Can Mindfulness Help Kids Learn Self-Control?By Sarah Wheeler | April 28, 2014 | 0 comments
A new study explores how cultivating moment-to-moment awareness can help children defer gratification.
When people talk about the keys to success these days, they often end up talking about marshmallows.
They’re referring to the “Marshmallow Test.” Researchers at Stanford presented preschoolers with one marshmallow, telling them that they could either eat it right away or wait for several minutes; if they waited, they’d receive a second marshmallow as a reward for their patience. The researcher then left the room and watched to see which kids could delay their sweet gratification and which could not.
When these children were followed into adolescence, it turned out that those who were able to wait had fewer behavior problems in school, engaged in less risky behaviors (such as drug use), and had better SAT scores. But what about the kids who couldn’t wait? Despite the wide reach of the Stanford study, it never answered the burning question that those of us who teach or parent young children have: What can we do to help the children who just can’t resist the marshmallows?
That’s the question tackled in a new paper published in the Journal of Child and Family Studies. Rachel Razza and her colleagues explored whether young children could build self-regulation skills by learning to practice mindfulness—the moment-by-moment awareness of our thoughts, feelings, and surroundings—as taught through a program called YogaKids, which uses a blend of yoga and mindfulness practices in kid-friendly ways.
At the beginning of the school year, they tested children in two ethnically diverse preschool classrooms on their self-regulation skills and asked their parents about how well the children demonstrated these skills at home.
The teacher in one of the classrooms was trained in the YogaKids curriculum, which she wove into activities throughout the school day. For instance, children did sun salutations during morning meetings and practiced regulated breathing—such as counting in and out for five seconds while breathing deeply—during tricky transitions. They did activities like these for an average of 10-30 minutes a day, over a period of about six months. Children in the second classroom experienced “business as usual,” participating in no YogaKids activities.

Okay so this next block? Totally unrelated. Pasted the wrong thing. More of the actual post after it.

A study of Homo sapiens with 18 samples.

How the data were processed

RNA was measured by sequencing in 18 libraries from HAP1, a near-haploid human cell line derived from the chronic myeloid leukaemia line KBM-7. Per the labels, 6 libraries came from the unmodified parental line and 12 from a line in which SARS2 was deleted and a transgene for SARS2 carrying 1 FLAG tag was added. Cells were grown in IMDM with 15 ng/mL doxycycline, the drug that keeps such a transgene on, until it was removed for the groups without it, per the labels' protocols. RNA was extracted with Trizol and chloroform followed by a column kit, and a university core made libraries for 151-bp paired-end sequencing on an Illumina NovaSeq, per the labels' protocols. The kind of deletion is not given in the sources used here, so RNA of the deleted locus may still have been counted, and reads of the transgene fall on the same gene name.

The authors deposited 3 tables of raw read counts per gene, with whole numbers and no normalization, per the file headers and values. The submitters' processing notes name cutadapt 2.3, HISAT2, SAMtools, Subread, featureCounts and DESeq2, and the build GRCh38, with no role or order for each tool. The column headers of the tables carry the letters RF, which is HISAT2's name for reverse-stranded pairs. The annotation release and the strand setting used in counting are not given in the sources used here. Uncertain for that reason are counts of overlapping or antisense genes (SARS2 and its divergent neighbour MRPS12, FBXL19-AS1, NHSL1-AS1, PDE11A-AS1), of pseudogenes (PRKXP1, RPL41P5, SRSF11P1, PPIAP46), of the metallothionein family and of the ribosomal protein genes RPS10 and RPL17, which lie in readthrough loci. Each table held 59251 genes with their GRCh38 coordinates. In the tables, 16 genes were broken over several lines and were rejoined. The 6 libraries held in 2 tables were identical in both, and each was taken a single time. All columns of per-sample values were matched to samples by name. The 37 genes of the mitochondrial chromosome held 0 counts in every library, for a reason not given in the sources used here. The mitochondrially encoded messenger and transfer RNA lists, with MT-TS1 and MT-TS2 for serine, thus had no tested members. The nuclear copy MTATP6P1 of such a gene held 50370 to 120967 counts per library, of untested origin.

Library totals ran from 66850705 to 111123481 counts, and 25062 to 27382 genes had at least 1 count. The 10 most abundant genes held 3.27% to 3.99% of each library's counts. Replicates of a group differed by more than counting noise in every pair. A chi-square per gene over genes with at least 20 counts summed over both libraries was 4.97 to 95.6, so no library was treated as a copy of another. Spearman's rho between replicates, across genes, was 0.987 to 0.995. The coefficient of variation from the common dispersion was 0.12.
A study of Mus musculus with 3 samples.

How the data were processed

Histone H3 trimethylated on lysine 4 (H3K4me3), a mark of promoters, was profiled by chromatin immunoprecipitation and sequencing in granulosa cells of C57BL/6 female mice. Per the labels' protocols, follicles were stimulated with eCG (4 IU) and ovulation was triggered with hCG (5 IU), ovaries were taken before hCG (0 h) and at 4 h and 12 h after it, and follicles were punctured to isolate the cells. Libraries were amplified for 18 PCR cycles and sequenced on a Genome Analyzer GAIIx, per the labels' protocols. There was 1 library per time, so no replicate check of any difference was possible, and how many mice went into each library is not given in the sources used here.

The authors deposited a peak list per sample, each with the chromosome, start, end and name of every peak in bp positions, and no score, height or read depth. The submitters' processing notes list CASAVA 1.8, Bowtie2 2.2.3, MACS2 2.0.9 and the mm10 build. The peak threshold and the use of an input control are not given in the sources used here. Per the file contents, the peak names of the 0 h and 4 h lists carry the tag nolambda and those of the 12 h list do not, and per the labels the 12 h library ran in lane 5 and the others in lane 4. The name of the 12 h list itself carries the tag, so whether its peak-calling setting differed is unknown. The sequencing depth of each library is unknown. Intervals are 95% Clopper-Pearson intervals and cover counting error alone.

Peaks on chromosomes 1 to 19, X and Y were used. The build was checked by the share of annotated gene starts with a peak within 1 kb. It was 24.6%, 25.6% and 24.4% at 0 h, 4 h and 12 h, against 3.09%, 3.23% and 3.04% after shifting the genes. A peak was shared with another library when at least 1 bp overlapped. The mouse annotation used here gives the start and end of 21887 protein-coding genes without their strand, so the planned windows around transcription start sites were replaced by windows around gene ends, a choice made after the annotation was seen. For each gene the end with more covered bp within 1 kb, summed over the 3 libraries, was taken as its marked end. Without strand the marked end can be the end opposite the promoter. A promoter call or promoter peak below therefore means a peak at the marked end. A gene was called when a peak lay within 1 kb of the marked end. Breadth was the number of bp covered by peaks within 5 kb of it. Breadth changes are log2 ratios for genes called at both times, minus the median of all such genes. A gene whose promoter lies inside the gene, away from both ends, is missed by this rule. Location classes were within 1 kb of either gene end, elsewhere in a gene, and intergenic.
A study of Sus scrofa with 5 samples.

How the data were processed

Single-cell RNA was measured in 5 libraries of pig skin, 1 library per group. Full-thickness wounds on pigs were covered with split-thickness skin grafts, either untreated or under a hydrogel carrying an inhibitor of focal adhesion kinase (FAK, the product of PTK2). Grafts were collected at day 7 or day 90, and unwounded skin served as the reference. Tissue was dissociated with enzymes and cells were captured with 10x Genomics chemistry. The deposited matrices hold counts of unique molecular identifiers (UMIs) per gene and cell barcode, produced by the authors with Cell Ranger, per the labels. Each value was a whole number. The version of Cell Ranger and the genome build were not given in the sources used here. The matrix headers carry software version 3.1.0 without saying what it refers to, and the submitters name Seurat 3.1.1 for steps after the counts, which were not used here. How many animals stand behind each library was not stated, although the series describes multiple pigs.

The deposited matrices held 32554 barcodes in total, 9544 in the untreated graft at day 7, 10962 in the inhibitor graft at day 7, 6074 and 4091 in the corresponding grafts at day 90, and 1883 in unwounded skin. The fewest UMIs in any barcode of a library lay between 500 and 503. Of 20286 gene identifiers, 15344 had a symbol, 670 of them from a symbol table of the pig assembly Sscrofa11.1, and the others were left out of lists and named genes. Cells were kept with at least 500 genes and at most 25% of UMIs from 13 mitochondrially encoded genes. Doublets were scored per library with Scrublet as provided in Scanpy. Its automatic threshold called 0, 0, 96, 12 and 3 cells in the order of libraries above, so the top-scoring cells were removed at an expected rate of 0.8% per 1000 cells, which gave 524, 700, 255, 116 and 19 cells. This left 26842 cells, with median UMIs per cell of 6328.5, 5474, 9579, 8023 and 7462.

Although the two groups started out with similar self-regulation skills, by the end of the school year the children who had been practicing mindfulness were less impulsive and better able to wait for a potential reward—in other words, they became more like the kids who could wait for that second treat in the Marshmallow Test. They were also better able to sustain attention on certain exercises the researchers did with them, such as drawing and tapping games.
What’s more, the program had the strongest effect on the children whose self-regulation skills were the weakest at the beginning of the year: Children who needed these skills the most benefited the most from having the chance to learn and practice them.
Although children in the YogaKids classroom improved on the researchers’ tasks, self-regulation at home did not differ between the two classrooms, according to reports from parents. It may be that children need to practice these routines at home, as well as in school, in order for them to have the broadest impact.
So what do these findings mean for young children—and the adults in their lives?
The results suggest that it’s possible to enhance children’s self-regulation through our daily interactions with them, even if we can only commit to a few minutes each day. Children who struggle to wait their turn, calm themselves down, or follow rules are not destined for a life of difficulties; instead, research is identifying positive tools they can use to build their behavioral and emotional control—which, evidence suggests, will set them on a better life trajectory.
Of course, more studies will shed light on the what, how, and when of developing self-regulation. But for those of us who lie awake at night worrying about the kids who can’t resist the marshmallows, it’s comforting to know that getting children ready for school—and life—may be just a few deep breathes away.
Sarah Wheeler, Ph.D., is a former GGSC fellow and a practicing School Psychologist in the San Francisco Bay Area. She is also an adjunct professor at the Bay Area Teacher Training Institute.